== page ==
Submitted by on June 7, 2010 – 3:21 pmNo Comment

There is a lot of buzz today centered on digital publishing:  whether it be a Seth Godin blog circulating about the magazine world, book publishers racing to get their back- listed titles converted to digital format, or every online portal available racing to get a piece of the DIY author. All these conversations are important to listen to and keep a pulse on as the publishing world continues to adapt to new technologies. With that said what I don’t hear anyone talking about is promoting online books. Case in point, the WSJ article we posted last week  barely touched on the social media aspect or author promotions; the article focused on author royalties and the monthly incomes generated for DIY systems, which is why every software mogul is jumping on board to spearhead the potential cash flow.

Selling books still takes a lot of work, and simply having an eBook converted, will not sell your book. Steve Jobs reported today, at the WWDC conference, that 22% of the market share is already owned by the iBook store; this will put you in position to sell digital books, but you still have to promote them.   

To help the cause, we put together a punch list of reasons why most digital books will fail and so will their authors:

  1. The book’s content is horribly written because it has not gone through the typical vetting process with a team of editors. (But hey, the author did show the manuscript to five of their closest friends, and they all loved it)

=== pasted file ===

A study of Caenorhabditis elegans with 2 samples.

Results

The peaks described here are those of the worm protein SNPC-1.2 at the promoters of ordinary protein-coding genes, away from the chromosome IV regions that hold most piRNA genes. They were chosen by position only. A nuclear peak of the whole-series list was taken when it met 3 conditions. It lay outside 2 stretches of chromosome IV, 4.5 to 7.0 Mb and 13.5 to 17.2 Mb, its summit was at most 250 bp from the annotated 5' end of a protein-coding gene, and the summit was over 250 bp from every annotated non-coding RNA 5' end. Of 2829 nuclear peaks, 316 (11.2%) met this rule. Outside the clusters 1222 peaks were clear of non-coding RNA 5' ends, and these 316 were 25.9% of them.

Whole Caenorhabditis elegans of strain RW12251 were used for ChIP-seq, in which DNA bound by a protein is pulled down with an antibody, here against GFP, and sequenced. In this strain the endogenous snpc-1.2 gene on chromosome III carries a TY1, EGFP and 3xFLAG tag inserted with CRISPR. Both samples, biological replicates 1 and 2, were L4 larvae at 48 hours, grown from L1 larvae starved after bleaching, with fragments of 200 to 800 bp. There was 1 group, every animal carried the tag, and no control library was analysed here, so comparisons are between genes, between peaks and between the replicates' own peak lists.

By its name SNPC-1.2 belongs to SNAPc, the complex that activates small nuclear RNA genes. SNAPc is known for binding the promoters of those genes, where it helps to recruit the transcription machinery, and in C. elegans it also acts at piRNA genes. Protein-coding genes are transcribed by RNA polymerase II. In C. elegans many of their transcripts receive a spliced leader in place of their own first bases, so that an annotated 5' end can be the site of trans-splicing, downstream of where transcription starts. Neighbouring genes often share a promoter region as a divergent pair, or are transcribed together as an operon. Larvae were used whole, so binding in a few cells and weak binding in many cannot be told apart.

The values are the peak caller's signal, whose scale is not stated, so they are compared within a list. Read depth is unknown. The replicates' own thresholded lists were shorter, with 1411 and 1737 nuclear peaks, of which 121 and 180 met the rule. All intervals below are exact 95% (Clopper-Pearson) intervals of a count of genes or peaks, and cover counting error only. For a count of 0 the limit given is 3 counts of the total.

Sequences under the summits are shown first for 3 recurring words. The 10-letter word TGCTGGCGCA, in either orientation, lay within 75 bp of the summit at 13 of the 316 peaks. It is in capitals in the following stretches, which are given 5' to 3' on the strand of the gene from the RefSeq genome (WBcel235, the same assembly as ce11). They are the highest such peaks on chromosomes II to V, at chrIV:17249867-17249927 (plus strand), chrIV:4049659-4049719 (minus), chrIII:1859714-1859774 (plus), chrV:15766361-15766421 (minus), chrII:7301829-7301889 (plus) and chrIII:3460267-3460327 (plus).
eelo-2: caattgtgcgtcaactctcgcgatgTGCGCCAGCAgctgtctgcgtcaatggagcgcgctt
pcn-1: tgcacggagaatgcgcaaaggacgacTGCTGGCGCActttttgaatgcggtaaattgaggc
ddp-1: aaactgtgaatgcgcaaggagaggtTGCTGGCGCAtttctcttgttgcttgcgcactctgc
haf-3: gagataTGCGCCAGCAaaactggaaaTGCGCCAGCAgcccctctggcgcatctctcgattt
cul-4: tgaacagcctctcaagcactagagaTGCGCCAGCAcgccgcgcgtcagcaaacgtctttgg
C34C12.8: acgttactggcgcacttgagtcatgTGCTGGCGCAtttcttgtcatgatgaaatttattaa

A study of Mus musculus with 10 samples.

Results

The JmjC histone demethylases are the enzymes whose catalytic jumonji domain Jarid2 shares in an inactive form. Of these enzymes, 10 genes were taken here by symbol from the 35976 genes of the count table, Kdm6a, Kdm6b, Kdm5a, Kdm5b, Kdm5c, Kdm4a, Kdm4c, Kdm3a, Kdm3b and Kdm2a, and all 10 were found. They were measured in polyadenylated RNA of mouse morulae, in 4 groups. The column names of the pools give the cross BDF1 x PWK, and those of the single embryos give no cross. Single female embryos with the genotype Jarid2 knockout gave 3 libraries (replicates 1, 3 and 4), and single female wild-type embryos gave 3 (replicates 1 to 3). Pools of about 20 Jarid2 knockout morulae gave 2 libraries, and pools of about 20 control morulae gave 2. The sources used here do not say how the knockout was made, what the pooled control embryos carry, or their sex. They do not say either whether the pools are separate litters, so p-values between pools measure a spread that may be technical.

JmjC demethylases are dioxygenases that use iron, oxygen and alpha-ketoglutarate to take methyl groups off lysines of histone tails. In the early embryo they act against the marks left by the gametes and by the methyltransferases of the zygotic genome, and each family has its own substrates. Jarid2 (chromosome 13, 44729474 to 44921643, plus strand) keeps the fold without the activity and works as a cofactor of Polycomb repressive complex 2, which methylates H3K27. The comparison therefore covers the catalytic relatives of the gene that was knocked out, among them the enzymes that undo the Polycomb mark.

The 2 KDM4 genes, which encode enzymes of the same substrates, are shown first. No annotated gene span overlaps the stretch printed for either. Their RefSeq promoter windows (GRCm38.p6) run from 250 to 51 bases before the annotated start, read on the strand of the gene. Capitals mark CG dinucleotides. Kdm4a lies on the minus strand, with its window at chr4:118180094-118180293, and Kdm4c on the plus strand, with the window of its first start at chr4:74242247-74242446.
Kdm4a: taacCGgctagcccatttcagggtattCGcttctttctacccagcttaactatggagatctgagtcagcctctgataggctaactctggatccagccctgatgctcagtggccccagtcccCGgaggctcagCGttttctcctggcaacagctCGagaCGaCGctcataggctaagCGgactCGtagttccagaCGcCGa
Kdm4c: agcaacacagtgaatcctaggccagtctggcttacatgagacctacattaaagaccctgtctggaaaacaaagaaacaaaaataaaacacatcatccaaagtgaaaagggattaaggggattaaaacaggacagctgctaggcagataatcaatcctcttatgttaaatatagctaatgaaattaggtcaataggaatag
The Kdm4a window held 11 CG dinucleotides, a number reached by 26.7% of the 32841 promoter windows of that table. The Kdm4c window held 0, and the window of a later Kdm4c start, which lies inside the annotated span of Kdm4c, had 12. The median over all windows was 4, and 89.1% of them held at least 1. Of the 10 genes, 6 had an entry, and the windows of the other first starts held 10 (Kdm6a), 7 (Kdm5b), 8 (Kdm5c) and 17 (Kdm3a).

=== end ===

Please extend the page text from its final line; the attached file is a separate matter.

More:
2. The metadata in the book, which Google loves, does not push or accelerate the author’s overall brand, platform, or core message so the online shelf life of the book is less than expected.
  3. No one is talking about the book online or anywhere for that matter, oh and by the way, the author has absolutely no platform but was told by someone you can download a blog template for free.
  4. There is no collaborative effort being done to market the book but everyone the author knows (I’ll be generous and say a few hundred – even a thousand people) is excited because they can see the book from their BlackBerry and buy it for $2.99.
  5. There is no need for the book in the market because there are twenty other books exactly like it which have already sold thousands of copies (the value of a team – helping to separate a book from the rest) but the author is really excited because there is a review posted to Amazon with a three star rating.

We have worked in book promotion for over fifteen years and have seen many books published that don’t sell.  In fact, they completely fail. The ones that have sold well are done with a team; planning and strategizing the need in the market, assessing the timing, the execution, the marketing and publicity.  While I am an entrepreneur at heart and love seeing people make it in life, do me a favor and put a winning team together, before you hit the convert button.